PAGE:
Article 50 (Revocation)

From the outset, I would like to state my position that Article 50 should not be revoked. 

I was elected as MP for Cheadle in 2015 on a manifesto pledging to hold a referendum on the UK's membership of the European Union. The House of Commons overwhelmingly voted for such a referendum to take place and politicians from across the political spectrum and on both sides of the campaign promised to both respect and implement the result.      

Therefore, despite both personally voting to remain and being conscious of the fact that 57% of people in Cheadle did so too, I kept my promise to the people of Cheadle to abide by the verdict of the British people by voting with a clear majority of my colleagues from across the House to invoke Article 50 of the Lisbon Treaty. I was then re-elected in 2017 with an increased share of the vote on a manifesto promising to both respect the result of the referendum and in doing so, to leave the Single Market and the Customs Union. 

I appreciate that some believe that I should reflect the fact that Cheadle voted to remain by supporting the revocation of Article 50. However, I think it is important to bear in mind that a significant number of remain voters, like myself, believe that the decision of the majority of UK voters must be respected. Furthermore, if each MP was to vote according to how their constituencies voted in the EU referendum, a clear majority of MPs would vote to oppose revocation given that a clear majority of constituencies voted to leave.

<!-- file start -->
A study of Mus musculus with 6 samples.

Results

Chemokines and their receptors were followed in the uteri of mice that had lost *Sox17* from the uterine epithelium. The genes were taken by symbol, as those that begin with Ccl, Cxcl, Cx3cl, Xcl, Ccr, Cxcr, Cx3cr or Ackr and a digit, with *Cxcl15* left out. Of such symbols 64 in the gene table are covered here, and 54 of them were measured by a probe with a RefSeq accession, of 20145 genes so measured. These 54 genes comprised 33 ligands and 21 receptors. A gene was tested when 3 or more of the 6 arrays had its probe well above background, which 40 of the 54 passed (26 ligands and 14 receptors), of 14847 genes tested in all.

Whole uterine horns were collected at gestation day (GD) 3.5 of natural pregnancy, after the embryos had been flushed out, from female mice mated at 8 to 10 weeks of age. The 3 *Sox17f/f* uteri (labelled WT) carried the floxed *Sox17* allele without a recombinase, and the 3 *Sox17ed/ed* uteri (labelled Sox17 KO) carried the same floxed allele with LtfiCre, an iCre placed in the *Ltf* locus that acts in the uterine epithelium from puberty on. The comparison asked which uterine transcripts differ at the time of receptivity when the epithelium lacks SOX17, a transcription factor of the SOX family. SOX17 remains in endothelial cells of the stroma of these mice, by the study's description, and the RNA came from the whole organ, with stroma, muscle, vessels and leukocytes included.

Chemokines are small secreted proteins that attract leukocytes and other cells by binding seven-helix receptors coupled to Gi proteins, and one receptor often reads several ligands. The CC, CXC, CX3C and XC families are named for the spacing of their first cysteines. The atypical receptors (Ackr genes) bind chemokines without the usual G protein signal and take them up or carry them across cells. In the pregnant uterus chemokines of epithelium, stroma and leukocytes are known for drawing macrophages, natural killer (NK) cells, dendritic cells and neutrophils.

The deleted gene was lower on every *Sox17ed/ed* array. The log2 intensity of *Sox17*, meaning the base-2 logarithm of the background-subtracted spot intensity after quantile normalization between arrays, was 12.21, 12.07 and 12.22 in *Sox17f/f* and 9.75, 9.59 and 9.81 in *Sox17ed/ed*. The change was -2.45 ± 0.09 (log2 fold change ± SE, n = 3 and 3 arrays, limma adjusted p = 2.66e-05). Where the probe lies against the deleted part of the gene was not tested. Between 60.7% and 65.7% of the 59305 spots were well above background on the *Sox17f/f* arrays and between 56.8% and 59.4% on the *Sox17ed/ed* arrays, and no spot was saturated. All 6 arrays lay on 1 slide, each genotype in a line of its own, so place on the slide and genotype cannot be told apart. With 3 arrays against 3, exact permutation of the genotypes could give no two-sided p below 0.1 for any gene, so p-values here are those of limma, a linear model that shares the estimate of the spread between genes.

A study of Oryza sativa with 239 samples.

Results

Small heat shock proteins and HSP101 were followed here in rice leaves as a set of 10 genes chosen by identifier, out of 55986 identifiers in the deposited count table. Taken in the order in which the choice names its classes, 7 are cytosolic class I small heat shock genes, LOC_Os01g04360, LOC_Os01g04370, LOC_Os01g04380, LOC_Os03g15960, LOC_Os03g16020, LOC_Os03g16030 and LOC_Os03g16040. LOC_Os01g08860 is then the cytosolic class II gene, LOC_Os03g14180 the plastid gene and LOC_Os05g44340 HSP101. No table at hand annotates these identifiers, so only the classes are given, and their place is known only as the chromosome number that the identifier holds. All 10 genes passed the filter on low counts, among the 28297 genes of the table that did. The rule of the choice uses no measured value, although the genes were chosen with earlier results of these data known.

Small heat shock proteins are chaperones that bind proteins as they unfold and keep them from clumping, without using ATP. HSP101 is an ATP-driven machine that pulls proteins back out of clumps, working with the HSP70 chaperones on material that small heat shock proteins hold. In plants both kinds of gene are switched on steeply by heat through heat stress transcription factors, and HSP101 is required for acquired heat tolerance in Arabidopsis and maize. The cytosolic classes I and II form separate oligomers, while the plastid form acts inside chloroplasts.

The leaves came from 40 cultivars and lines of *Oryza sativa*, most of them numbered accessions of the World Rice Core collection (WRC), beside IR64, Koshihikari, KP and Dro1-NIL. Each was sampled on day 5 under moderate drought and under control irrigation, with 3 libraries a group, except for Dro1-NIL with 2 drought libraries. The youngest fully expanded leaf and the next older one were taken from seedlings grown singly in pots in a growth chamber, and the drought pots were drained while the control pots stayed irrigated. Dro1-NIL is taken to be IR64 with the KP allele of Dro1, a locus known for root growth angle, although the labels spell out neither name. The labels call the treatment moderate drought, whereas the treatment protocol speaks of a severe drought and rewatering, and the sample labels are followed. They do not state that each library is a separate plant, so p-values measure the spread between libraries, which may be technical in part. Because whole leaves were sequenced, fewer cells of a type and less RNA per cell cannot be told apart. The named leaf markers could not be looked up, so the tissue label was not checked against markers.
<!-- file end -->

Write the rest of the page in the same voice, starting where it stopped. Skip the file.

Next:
I have never believed that leaving the EU without a deal is a position which the people and the businesses of Cheadle, or the country as a whole, want. There is a clear majority of voters who want the UK and the EU to have a forward-looking partnership whether they supported remain or leave. As such, whilst I agree with your desire to prevent a 'no deal' scenario, I do not believe that revocation of Article 50 and thus completely setting aside the verdict of 17.4 million voters is a solution that a majority of the electorate either in Cheadle or the country would support. Indeed, I believe the only solution is for Parliament to pass the Withdrawal Agreement. 

Whatever we think about what the future relationship between the EU and the UK should be, regardless of whether we think the UK should stay in the Single Market or the Customs Union, the UK can only negotiate a future relationship once the Withdrawal Agreement has been ratified. 

Some MPs who voted against the Withdrawal Agreement have made clear that they do not wish to stop the UK leaving the EU, they simply disagree with the Prime Minister's vision of our future relationship. These MPs have acknowledged that they would not and could not change the Withdrawal Agreement. I have therefore urged all such MPs to act upon the logic of their position and to vote in favour of the Withdrawal Agreement.